What Do Brown Recluse Spiders Eat?
Brown recluse spiders are perhaps most famous for their bite. And it’s understandable why—brown recluse spiders are one of the more dangerous spiders that you can find in the United States. But just because a brown recluse spider bites a human doesn’t mean they do so to feed, unlike other pests that bite such as mosquitoes. So you may be wondering, what do brown recluse spiders eat?
Brown recluse spiders hunt
Brown recluse spiders are considered to be hunting spiders. That’s because unlike other spiders that rely on their webs to catch prey, hunting spiders attack their prey without the use of webs. There are two methods of hunting, active and passive; active hunters will go after their prey while passive hunters will wait for prey to come close enough before they attack. Brown recluse spiders are mostly considered to be active hunters, and pursue their prey during the nighttime hours.
Like many other spiders, the brown recluse has a diet that consists of insects—and sometimes it may even eat other spiders. Brown recluse spiders chase down their prey, and use their venom to subdue it. One interesting note is that brown recluses are also thought to be scavengers. A 2008 study found that brown recluse spiders preferred live prey, but would also eat dead prey, especially that which was recently killed. The study concluded that scavenging is an opportunistic behavior in the brown recluse.
While there is a lot of fear surrounding the brown recluse spider bite, the spider is actually not found in areas with high human activity and is quite a shy one (as the name recluse suggests). Brown recluse spiders will usually only bite humans if they are disturbed, feel threatened, or under attack. In fact, one way the bites occur is if a person inadvertently rolls over on a brown recluse during their sleep. If you do believe you have been bitten by a brown recluse or other spider, Mayo Clinic lists several steps to follow on their website. Reactions to brown recluse spider bites or other spider bites can vary from person to person, and may resemble bites from other arthropods or a skin condition.
Some other hunting spiders include the sac spider, the fishing spider, and the wolf spider. In fact, the wolf spider is sometimes mistaken for the brown recluse but there is one easy tip to tell the two apart. Head to the next section to find out what it is.
How do you know if it’s a brown recluse spider?
As mentioned before, the brown recluse spider is one of the most feared spiders found in the United States. However, it’s not found in every state. The brown recluse is primarily found through the south central and Midwestern United States. And, even in those states it’s not very common to come across one. However, if you live within that region and come across a spider you think is a brown recluse, these are some common physical traits to be on the lookout for:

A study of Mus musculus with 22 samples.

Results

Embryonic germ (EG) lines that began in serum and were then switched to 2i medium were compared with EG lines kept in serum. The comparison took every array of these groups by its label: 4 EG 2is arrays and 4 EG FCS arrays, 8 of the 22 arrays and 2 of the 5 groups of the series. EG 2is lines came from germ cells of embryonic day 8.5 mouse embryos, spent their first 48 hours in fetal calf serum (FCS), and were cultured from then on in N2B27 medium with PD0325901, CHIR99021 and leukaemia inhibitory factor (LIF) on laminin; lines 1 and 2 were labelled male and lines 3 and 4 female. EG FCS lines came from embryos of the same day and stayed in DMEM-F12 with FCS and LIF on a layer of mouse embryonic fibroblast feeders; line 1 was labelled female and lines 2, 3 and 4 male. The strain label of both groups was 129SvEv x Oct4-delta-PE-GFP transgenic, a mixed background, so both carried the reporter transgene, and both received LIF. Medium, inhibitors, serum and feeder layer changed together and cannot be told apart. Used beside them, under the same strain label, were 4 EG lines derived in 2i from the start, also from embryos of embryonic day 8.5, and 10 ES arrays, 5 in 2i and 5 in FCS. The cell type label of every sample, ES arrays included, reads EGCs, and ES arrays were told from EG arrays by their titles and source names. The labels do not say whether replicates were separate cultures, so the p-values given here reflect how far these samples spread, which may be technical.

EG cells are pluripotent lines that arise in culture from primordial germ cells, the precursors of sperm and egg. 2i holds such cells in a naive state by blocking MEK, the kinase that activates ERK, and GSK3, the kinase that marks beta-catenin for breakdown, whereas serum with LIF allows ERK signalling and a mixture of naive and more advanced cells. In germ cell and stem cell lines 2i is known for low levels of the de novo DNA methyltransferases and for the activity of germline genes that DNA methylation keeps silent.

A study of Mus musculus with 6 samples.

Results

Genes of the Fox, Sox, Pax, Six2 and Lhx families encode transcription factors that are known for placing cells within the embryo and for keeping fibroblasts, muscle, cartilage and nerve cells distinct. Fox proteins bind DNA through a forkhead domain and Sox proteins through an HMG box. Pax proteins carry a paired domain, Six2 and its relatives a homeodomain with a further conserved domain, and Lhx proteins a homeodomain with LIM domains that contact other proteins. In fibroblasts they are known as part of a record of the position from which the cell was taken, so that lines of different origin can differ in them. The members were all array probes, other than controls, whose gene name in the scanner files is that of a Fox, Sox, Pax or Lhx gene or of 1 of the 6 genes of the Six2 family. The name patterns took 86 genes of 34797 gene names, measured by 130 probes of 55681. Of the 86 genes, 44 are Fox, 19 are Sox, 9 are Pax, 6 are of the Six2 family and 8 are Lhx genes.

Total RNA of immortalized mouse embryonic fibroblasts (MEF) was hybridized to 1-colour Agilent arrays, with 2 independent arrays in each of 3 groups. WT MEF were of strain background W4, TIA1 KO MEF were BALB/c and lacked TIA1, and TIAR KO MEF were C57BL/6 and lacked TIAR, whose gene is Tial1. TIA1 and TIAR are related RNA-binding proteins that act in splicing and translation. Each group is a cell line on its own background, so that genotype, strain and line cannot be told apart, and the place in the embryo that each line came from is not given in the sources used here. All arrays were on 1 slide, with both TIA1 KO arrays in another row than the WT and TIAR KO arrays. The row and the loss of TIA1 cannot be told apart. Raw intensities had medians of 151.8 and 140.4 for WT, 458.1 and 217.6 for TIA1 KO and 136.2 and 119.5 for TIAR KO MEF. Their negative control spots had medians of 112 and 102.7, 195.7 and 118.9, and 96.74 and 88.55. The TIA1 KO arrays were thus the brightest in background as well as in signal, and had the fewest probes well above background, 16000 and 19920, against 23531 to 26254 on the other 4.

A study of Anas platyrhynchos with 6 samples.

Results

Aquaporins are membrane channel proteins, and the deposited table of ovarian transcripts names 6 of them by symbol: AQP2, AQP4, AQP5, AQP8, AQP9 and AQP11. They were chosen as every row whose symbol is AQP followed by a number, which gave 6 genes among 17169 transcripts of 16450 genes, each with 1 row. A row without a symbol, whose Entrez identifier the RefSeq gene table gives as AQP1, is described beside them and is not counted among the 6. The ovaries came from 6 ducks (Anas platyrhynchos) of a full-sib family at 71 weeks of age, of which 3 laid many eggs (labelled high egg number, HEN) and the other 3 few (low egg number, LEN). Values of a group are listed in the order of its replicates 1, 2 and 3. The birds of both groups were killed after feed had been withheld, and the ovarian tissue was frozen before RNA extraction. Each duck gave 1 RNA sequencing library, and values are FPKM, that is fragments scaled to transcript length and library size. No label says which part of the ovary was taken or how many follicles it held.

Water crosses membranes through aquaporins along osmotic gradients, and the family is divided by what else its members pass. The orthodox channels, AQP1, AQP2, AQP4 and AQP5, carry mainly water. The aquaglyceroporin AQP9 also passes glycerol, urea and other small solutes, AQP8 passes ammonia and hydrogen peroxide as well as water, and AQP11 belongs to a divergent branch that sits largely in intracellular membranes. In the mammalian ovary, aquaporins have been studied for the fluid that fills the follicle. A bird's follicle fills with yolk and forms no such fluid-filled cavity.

- Size: Roughly the size of a United States quarter when its legs are fully extended.
- Color: Ranges from a lighter tan to a darker brown, with uniform coloring throughout its legs. This may differ in other spiders. For example, the wolf spider, which is sometimes mistaken for the brown recluse, has visibly banded legs.
- Distinguishing marks or traits: Unlike other spiders with eight eyes, the brown recluse spider only has six eyes—though this would not be a trait you could always easily identify without a means of magnification. Many consider the more helpful distinguishing mark to be the violin-shaped mark on the brown recluse spider’s back. This mark is visible to the naked eye.
- No webs: As mentioned in the previous section, brown recluse spiders mostly do not hunt using webs. Therefore, if you see a lot of noticeable webbing—particularly suspended webbing along walls and in corners—there’s a good chance you’ve got another species or family of spider on your hands.
- Activity: Brown recluse spiders are nocturnal and will mostly hide out during daylight hours.
If you fear that you have a brown recluse spider population or you’re simply dealing with any unwanted spiders, don’t hesitate to contact Terminix. A Terminix pest professional will be able to help you manage a wide variety of spider infestations.